Community Marine Monitoring Toolkit

“We assisted in designing the Toolkit to make sure that it answers what the community wants and also a way that the Department can use to analyse what is happening with the resources.”

Jeremie Kaltavara, Vanuatu Fisheries Department

“The Toolkit has been very helpful for us. Through the fish catch surveys, the community found that they were catching lots of very small fish. When we presented the results to the community, they understood them clearly.”

George Kalkuau, Efate Provincial Councillor, Tanoliu

“This helps to improve our food security by not overharvesting and manage our fish and shellfish stocks.”

Salome Kalo, Pele Island

Coastal habitats support marine plants and animals, including fish and shellfish. Many Pacific communities rely on their marine resources for food and income. Communities in the Pacific Islands have successfully managed and protected their coastal marine areas for hundreds of years. However, rapidly increasing human populations, along with disturbances like cyclones and crown-of-thorns starfish outbreaks, have increased pressure on marine resources. Climate change is exacerbating these pressures through thermal coral bleaching and more intense storms. This means that communities need to be able to monitor their marine environment so that they can identify and discuss issues with their leaders, manage their resources, and plan for change.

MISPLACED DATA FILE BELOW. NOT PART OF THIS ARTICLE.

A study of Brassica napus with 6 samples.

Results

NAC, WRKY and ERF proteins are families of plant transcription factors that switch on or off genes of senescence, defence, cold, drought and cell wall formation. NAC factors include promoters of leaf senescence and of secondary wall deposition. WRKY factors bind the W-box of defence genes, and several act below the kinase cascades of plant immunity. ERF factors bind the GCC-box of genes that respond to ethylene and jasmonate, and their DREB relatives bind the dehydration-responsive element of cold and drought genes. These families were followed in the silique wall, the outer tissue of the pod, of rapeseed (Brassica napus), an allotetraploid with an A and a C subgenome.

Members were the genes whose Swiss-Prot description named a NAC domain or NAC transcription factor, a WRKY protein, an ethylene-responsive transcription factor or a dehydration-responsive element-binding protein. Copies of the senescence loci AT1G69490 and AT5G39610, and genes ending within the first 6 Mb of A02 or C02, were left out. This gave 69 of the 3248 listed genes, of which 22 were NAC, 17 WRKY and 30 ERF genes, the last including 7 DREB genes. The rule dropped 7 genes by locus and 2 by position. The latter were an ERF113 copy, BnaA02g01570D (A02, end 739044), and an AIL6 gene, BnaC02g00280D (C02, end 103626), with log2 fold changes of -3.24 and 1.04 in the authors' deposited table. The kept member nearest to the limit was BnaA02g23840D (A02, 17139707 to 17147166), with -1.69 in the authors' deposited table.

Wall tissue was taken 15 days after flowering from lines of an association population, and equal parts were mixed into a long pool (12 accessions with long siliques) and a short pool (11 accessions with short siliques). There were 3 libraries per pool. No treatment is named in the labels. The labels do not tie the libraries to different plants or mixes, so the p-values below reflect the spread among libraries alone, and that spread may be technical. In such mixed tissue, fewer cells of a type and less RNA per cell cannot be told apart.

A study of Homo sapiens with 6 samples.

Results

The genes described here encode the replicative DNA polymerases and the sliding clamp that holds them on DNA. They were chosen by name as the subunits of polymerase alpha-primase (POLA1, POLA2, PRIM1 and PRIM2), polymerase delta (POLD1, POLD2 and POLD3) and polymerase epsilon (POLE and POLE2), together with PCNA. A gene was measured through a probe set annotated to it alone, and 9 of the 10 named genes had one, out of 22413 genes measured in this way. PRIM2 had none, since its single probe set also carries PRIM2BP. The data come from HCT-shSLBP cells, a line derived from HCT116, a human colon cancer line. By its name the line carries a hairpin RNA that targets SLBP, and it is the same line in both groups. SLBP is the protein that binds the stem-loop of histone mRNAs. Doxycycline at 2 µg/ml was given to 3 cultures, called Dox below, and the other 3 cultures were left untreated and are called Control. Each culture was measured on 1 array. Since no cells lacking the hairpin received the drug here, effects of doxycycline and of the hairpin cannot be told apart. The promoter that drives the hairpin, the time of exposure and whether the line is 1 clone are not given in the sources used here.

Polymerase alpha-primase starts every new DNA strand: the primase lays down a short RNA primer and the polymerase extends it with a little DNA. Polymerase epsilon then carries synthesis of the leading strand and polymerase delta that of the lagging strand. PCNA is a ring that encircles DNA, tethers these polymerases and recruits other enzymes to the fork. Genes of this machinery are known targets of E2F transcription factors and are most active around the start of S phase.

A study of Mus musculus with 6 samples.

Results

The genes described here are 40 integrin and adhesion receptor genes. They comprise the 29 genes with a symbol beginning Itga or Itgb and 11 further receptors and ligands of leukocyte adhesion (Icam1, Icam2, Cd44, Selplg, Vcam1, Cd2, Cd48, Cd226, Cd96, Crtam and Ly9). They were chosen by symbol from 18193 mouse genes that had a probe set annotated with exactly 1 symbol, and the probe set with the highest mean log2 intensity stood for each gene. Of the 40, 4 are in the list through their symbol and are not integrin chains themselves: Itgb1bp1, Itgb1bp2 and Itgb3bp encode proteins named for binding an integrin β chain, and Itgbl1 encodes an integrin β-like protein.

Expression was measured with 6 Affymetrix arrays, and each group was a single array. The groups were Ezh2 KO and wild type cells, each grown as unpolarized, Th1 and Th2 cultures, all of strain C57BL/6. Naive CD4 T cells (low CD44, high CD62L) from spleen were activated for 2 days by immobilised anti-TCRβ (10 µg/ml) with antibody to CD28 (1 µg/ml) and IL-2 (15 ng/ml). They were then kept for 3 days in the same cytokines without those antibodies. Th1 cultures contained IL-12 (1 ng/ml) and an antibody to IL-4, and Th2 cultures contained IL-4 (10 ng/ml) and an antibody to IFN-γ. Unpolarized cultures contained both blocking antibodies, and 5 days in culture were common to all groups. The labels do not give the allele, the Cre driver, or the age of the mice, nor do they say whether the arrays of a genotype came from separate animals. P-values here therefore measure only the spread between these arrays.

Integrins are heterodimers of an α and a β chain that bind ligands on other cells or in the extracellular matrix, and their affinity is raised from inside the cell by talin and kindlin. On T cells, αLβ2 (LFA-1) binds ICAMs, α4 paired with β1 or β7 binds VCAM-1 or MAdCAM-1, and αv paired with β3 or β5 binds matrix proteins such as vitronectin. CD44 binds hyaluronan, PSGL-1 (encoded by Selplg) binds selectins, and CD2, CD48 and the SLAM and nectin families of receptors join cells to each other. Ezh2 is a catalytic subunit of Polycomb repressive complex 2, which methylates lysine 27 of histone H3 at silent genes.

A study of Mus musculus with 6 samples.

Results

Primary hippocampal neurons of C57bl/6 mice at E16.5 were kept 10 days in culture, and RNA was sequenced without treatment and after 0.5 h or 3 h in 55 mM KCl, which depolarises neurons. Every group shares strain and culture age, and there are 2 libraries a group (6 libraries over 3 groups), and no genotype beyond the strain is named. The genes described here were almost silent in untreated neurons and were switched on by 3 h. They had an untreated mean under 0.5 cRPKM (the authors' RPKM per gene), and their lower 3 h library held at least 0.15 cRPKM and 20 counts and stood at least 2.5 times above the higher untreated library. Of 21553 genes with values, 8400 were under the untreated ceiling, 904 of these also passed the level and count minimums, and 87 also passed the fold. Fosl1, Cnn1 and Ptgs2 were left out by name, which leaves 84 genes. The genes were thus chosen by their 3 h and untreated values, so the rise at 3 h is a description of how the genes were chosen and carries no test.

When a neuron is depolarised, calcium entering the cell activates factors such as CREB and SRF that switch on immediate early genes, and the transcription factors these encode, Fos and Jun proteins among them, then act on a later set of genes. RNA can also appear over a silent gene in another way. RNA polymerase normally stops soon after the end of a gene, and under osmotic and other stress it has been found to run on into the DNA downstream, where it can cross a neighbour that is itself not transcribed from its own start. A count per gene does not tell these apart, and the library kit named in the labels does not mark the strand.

C2O Pacific has developed a Community Marine Monitoring Toolkit with support from SPC, FFEM, AFD, Experiment, MIMRA, WCS and SPREP. Toolkits are tailor-made in consultation with local communities and governments to meet location-specific needs. Following initial training on how to use the Toolkit using a train-the-trainer (champion) approach, communities can collect data on reef condition, fish catches, invertebrates, seagrass, mangroves and crown-of-thorns starfish, and use the results to inform local management. The Toolkit is a community-led approach that empowers communities to take control of local marine resource management through an inclusive and informed process.

The Toolkits are also designed to align with national policy and provide information that governments can use. The approach to data collection that is founded in science means that community-based monitoring can complement more technical scientific monitoring.

Benefits that communities have reported from using the Toolkit include:

  • Increased local awareness of coastal and marine issues
  • An early warning system to detect changes and impacts
  • Information to manage resources and understand if local actions are working
  • Instant results that can be shared and discussed in communities
  • Improved food security
  • New income opportunities, e.g. eco-tourism

C2O Pacific has worked with communities in Vanuatu and the Marshall Islands to develop tailored Toolkits that meet specific local needs. Work is currently in progress to deliver tailor-made Toolkits for:

  • French Polynesia
  • Solomon Islands
  • Wallis & Futuna
  • New Caledonia

Contact us to find out more about the Toolkit and how we can help tailor it to your location and train local communities.